There is an expression in Hebrew "Medina ba-derech" ("country on the way"), which means a young country. In Kosovo you have a chance to witness how a new country is being born. Kosovo declared Independence in 2008 and its status is still questionable.
Kosovo is full of employees of international organizations, from UN peacemakers to European bank clerks, so English here is widely spoken and understood. Posh hotels, hipster coffee shops and Thai massage salons came to Pristina together with foreigners.
For a tourist, Pristina is a nice and hospitable place, although the tourist infrastructure is also "on the way" – no information center, most of the museums are on a reconstruction.
1. Stroll down the Mother Teresa boulevard from the statue of national Albanian hero Scanderbeg to Grand Hotel. This is the main pedestrian street of the city full of cafes, street musicians and souvenir shops.
2. Pay attention to the names of the streets, squares and boulevards – they are quite unique. Where else in the world can you find a crossing of Bill Clinton Boulevard with the Emperor Justinian Street?
3. Take a photo with the most famous city monument – giant letters "NEWBORN", celebrating the creation of the state of Kosovo. Local artists re-paint and re-design the letters every several months.
4. Visit the university campus to see the library building, that was included in the list of "30 ugliest buildings in the world".
5. Note the old architecture as well – mosques and traditional houses. One of such houses hosts an ethnographic museum, but it was closed during our stay in the city.
6. Sign the visitors book in a tiny modest Independence House – the former resident of Ibragim Rugova, the first president of Kosovo.
7. Enjoy the food tremendously. This deserves to be the first item on this to-do list. The choice of restaurants in Pristina is beyond imagination, the food is fresh and tasty and the prices are still very affordable. My personal recommendation – Pishat restaurant with Balkans food and the coffee shop Dit' e Nat' (Day and Night) with great coffee and satisfying breakfasts.
8. Go for a day tour to Prizren, a town a hour away from the capital by bus. The main highlight of Prizren is the XIV century Serbian Orthodox Church "Our Lady of Ljevis". It is a UNESCO protected site, but it is closed and tangled with barbed wire. Still, even the abandoned church is impressive. The center of Prizren is worth a long slow walk – a picturesque riverfront with a beautiful stone brigde, cobbled pavements, old houses, mosques, traditional bathing house, Sufi tekke.
9. Take a taxi to Gračanica, small town in the Serbian enclave, ten kilometers from Pristina. It is a weird place where you can feel the tension in the air – the Latin alphabet changes to Cyrillic and Albanian flags to Serbian. This town is worth visiting because of a monastery with incredible frescos – wall paintings. At the exit from the town you may see a very sad monument – huge letters "Missing" with the portraits of Serbs still missing as the result of the latest war.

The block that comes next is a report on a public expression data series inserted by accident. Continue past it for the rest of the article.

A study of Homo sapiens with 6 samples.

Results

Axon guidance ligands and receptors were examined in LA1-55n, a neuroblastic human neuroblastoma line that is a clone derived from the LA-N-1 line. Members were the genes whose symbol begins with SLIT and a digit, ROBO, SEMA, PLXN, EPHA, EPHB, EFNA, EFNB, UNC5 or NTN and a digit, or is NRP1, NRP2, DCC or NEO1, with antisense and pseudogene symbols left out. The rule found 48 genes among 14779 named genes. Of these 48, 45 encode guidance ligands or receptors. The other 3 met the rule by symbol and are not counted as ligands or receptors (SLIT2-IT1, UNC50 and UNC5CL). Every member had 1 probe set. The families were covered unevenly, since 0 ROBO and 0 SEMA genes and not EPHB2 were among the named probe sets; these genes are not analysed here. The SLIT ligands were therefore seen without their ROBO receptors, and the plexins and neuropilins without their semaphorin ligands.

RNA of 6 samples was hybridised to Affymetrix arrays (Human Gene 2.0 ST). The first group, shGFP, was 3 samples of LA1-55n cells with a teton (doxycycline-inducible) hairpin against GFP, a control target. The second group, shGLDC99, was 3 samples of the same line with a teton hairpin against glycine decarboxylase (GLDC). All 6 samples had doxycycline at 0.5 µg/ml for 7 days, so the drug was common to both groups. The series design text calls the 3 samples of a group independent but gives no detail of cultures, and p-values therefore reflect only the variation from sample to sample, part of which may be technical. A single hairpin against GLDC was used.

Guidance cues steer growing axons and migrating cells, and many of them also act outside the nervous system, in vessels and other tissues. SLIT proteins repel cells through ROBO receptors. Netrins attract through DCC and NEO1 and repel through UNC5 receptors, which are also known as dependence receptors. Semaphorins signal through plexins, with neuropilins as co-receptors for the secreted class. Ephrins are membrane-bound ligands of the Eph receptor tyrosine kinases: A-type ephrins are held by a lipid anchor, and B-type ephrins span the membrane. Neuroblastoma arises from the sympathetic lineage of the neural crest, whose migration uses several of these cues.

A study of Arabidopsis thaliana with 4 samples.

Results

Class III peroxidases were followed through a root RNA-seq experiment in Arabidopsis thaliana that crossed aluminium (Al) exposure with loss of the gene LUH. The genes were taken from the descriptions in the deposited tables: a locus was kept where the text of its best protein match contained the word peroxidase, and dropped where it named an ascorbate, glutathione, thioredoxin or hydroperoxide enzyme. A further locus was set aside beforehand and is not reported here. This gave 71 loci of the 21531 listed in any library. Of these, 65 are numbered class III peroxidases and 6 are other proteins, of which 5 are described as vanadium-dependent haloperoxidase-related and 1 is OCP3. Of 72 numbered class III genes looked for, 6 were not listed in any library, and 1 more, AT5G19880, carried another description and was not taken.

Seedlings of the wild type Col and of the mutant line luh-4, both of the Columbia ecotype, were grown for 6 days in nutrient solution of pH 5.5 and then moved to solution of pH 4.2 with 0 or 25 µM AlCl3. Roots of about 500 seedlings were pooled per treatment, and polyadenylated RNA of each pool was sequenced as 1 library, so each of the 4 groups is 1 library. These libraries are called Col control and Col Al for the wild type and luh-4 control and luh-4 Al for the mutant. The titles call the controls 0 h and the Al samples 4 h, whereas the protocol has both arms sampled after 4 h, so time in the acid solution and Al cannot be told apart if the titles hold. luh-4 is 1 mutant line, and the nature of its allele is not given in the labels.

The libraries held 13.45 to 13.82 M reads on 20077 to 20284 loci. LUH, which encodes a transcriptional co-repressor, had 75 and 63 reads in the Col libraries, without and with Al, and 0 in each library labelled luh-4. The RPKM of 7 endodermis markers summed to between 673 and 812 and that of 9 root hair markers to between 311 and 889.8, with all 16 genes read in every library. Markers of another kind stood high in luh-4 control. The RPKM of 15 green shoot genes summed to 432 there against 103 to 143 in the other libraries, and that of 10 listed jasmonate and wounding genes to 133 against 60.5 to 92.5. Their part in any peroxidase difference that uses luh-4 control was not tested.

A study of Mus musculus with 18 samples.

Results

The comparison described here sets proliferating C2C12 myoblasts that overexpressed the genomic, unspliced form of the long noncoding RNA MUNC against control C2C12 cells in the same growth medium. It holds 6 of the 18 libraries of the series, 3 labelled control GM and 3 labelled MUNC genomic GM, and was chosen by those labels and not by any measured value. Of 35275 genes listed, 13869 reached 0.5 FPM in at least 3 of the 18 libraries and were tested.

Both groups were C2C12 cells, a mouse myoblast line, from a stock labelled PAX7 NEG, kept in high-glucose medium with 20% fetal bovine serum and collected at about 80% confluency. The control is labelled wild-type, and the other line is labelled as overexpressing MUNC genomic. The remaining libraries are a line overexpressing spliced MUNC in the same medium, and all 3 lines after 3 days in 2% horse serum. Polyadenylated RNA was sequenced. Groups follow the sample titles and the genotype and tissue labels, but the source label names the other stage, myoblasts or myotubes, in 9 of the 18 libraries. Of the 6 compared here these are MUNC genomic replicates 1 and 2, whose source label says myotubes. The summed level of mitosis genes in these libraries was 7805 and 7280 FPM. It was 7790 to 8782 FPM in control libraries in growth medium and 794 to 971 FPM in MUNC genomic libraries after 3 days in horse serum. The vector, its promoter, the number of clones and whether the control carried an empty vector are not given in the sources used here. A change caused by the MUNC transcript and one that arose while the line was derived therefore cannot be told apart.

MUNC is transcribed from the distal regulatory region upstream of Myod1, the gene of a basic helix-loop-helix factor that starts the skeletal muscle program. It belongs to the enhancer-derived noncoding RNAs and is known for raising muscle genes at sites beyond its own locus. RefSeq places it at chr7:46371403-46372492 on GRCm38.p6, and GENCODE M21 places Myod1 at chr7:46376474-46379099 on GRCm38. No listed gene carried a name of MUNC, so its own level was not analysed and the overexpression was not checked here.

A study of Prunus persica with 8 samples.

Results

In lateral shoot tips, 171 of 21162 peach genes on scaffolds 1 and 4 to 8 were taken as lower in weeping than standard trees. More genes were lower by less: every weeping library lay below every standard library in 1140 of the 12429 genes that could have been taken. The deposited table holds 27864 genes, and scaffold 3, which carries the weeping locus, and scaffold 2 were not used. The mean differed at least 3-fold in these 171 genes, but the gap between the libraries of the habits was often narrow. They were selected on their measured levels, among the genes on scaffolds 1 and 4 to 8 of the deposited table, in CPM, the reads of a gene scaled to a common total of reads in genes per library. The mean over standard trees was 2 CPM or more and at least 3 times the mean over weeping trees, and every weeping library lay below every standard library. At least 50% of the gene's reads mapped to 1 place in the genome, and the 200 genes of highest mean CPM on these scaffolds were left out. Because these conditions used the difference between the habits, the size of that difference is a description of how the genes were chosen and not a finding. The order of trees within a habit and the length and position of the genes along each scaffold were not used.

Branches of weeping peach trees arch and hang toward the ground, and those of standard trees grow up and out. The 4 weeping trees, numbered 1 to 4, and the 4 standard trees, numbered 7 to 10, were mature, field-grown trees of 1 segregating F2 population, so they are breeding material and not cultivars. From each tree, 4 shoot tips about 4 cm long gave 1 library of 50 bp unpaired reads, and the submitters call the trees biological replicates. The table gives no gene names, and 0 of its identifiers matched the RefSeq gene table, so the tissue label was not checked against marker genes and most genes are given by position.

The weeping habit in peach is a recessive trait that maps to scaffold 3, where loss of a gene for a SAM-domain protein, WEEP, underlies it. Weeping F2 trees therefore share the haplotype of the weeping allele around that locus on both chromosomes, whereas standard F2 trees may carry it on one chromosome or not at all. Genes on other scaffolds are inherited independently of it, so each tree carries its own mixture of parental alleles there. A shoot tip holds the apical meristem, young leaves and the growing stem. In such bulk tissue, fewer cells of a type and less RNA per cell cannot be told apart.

10. Buy stamps of Kosovo at a post office for your collection or for your friend's collection.
– The citizens of the U.S. and European Union do not need a visa to Kosovo. All the rest may check the visa requirements here.
– Serbia does not recognize Kosovo as a separate country. Thus if you enter Kosovo from any other country except for Serbia (including flying directly to Pristina airport) and then try to exit to Serbia, the Serbs would not let you enter. From their point of view you have illegally entered Serbian territory. Thus, plan your trip so that you both enter and exit Kosovo from Serbia or both enter and exit from other countries – Albania or Macedonia.
– The currency of Kosovo is euro. Neither Albanian leks nor Serbian dinars are accepted.
– As of 2017, the only way to get from Pristina airport to the center of the city is by taxi, which costs 25-30 euro. Surprisingly, the Kosovar taxi drivers almost do not bargain, they declare a final price from the beginning.
– There are buses from Pristina bus stations to Tirana, Skopje and other large cities of the region. The buses are not new, but reasonably comfortable and air-conditioned. The taxi from the bus station to the city costs 5 euro, from the city to the bus station you can agree for 3.5 euro.
– A young country's disadvantage – not all roaming packages cover Kosovo. Check with your mobile operator before the trip in order not to find yourselves disconnected.
– Same with car insurance – check the terms. The roads in Kosovo are not that bad – average for the region.
– There are plenty of hotels in the city – thanks to expats. But renting an apartment is usually cheaper. We stayed in a nice yellow studio on Airbnb and highly recommend it. You may get a $35 discount off your first order on Airbnb by this link.
– Last but not least, don't push your political agenda to the locals. You may ask questions and they would answer, but this is not the place to express your political views or try to impose them on your local companion. The trauma is too fresh and too painful.